Wednesday, November 21, 2012

When a Room is Dark

Although we enjoy living in rooms bathed in warm, natural light, it's not always possible to achieve. Sometimes the light that can be captured indoors is diminished by the orientation of the house, the position of the room at or below grade, trees and shrubs outside the window, or the need to create privacy, or hide an unattractive view.  If you live in a house with dark rooms, what can you do to make them feel comfortable and inviting? 

Here are some things to consider when you look for solutions:

Purpose of the Room

A Home Office/Jewel Box
There's no design law that all rooms must feel sunny and bright. Sometimes the purpose of the room will lead you to decide that, instead of fighting nature, you want to create a cozy space, or a luxurious jewel box. Examples include a room where you watch movies or television, a dining room mainly used at night, or a bedroom. Rather than using light, reflective colors, the color in these rooms could be deep and rich, as in this home office. Notice that the red desk and chair blend with the walls, making the room look larger.


Light Fixtures
In a dark room, especially one used primarily at night, artificial lighting is a key consideration.  Analyze the existing lighting. Does it meet your functional needs and suit the look you want? Each room should have three types:  Basic Types of Lighting 

Light Bulbs
In addition to the light fixtures themselves, you need to be up to date on the types of light bulbs that are available for each one, because they will affect the color of everything in the room. If you haven't already done so, replace old-fashioned bulbs with energy-efficient ones, when possible. For each new light bulb you’re considering, you need to know:
  • wattage in lumens, compared with the bulb you’re replacing.
  • its color temperature (CCT) which shows whether the light cast by the bulb is warm or cool, as measured in degrees Kelvin on a scale from 2700K to 6500K. The lower the number, the warmer or more yellow the light. In darker rooms, it's important that bulbs cast a warm light, or the room will feel cold and gloomy.
  • its CRI (Color Rendering Index) number which tells you on a scale of 1 to 100 how accurately the light renders color. Avoid bulbs that don't do this well. 

Orientation (Exposure) of the Room

If you use the room during the day, analyze the natural light it receives, if any. What direction(s) do the windows face? The exposure determines the color that's cast by natural light, and must be factored in to color decisions. North-facing rooms, for example, have constant blueish light, while rooms that face East and West change color with the position of the sun. Color expert Lori Sawaya offers some excellent guidance:

I second Lori's recommendation to test the colors before you decide. Be sure that the sample is at least 2 x 3 feet. A tiny paint chip won't do. 

Who Will Use the Room?

Will the room be used by one or more family members, or is it a semi-public space, like a dining room, that also will be used for entertaining? If it's a personal space, there's a smaller audience to please, and that makes decisions much easier.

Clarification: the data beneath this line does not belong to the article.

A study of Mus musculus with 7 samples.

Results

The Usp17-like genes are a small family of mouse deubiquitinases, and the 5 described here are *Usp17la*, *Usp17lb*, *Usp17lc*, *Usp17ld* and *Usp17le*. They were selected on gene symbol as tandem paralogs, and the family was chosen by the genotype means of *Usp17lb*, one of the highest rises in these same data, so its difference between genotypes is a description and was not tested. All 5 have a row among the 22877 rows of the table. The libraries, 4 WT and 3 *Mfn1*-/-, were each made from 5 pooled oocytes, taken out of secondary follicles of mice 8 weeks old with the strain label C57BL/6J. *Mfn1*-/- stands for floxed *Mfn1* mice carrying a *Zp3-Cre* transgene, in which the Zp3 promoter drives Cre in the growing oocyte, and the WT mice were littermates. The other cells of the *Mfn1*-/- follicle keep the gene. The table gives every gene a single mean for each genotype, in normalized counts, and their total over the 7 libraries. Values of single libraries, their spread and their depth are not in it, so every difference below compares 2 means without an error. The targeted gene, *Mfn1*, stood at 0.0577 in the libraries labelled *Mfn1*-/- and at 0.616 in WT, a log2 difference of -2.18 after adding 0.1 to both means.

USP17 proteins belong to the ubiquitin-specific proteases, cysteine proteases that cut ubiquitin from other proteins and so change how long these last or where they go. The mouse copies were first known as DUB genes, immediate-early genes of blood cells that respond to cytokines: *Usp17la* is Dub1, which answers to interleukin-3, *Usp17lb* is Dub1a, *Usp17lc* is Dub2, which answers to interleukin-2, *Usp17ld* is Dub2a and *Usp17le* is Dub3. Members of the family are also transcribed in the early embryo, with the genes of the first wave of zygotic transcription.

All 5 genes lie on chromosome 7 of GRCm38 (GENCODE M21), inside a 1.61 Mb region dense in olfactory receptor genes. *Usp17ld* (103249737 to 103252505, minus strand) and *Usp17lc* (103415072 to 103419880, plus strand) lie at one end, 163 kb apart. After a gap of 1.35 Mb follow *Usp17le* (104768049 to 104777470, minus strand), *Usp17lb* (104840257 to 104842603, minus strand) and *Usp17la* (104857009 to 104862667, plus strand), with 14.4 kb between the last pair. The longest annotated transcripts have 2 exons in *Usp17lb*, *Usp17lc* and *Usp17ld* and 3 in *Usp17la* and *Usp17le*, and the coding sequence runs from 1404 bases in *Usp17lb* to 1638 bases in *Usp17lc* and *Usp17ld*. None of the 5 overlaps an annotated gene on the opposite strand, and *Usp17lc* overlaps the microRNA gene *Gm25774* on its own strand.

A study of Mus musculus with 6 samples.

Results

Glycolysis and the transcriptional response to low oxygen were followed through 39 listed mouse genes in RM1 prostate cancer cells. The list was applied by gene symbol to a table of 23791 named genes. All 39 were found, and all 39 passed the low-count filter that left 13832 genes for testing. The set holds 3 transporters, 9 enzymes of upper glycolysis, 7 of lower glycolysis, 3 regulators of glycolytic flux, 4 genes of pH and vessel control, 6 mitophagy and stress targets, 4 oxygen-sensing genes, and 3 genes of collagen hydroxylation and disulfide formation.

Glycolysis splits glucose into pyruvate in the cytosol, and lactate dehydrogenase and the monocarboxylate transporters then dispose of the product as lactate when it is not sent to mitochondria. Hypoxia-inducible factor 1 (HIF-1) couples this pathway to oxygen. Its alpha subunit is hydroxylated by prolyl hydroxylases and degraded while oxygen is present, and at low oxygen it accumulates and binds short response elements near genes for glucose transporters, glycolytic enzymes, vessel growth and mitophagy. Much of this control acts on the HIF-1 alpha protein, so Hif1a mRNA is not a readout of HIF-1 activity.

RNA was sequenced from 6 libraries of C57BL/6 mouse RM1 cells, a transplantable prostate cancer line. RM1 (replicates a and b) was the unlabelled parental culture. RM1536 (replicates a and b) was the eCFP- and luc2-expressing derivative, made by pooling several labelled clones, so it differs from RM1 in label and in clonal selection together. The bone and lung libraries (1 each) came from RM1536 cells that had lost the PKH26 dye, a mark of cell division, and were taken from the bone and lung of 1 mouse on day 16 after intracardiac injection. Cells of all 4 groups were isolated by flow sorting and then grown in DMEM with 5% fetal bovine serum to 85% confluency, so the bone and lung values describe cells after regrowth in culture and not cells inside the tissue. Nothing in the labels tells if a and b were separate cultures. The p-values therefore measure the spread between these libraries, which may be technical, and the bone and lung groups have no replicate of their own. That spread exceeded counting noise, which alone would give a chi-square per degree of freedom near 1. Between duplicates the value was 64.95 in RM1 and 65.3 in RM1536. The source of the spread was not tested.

Colors in the Permanent Elements

Smart use of color, especially paint color(s) is a key part of your design solution. To start, determine the following:
  • Color family(ies) of the permanent elements, such as flooring, carpet, woodwork, cabinets, counter tops, etc. Are they warm (red-orange-yellow), cool (green-blue-purple) or neutral (pure white or gray)? Be sure your paint colors are compatible. If you have warm tones, choose warm versions of your colors, such as a yellow red instead of a blue red.
  • Dominant colors of major pieces of furniture and accessories, such as sofas, chairs, area rugs. 
  • Colors used elsewhere in the house. The color you use in the dark room should relate.

Some Ways to Create A Lighter, More Open Impression 

If you want to make the most of every little bit of light, natural or artificial, here are some ideas:
  • Use warm, bright mid-range colors for walls. Whites, and very light colors look dingy because there isn't enough light to render the color accurately. To make the room look and feel sunny, use a rich (not pale) yellow. Colors from the red and orange families also are good choices for a warm impression.
  • Use light to mid range colors for major pieces of furniture.
  • Install adequate, three level lighting, as described above.
  • Choose simple furniture and don't over-furnish.
  • Plan for ample negative space. 
  • Hang window treatments at ceiling height and to fall at or outside the window frame so no light is blocked.
  • Use mirrors on the walls and behind shelves. Place lamps or candles in front so their light is bounced back into the room.
  • Use glass on one or more table tops.
  • Choose reflective finishes for some pieces of furniture and accessories. 
  • Favor light, open accessories over large, dense ones. 
  • Carefully prune any trees or shrubs that are blocking light.

Figuring out how to make the most of a dark room is like putting together a design puzzle, starting with how you want to live in the room. Don't be reluctant to make the room into a dark, cozy nest, if that's what suits you. 

If you need help, call me at 828-692-4355 to schedule a design/color consultation. If painting is part of the project and we do the work, the consultation is a free part of our services.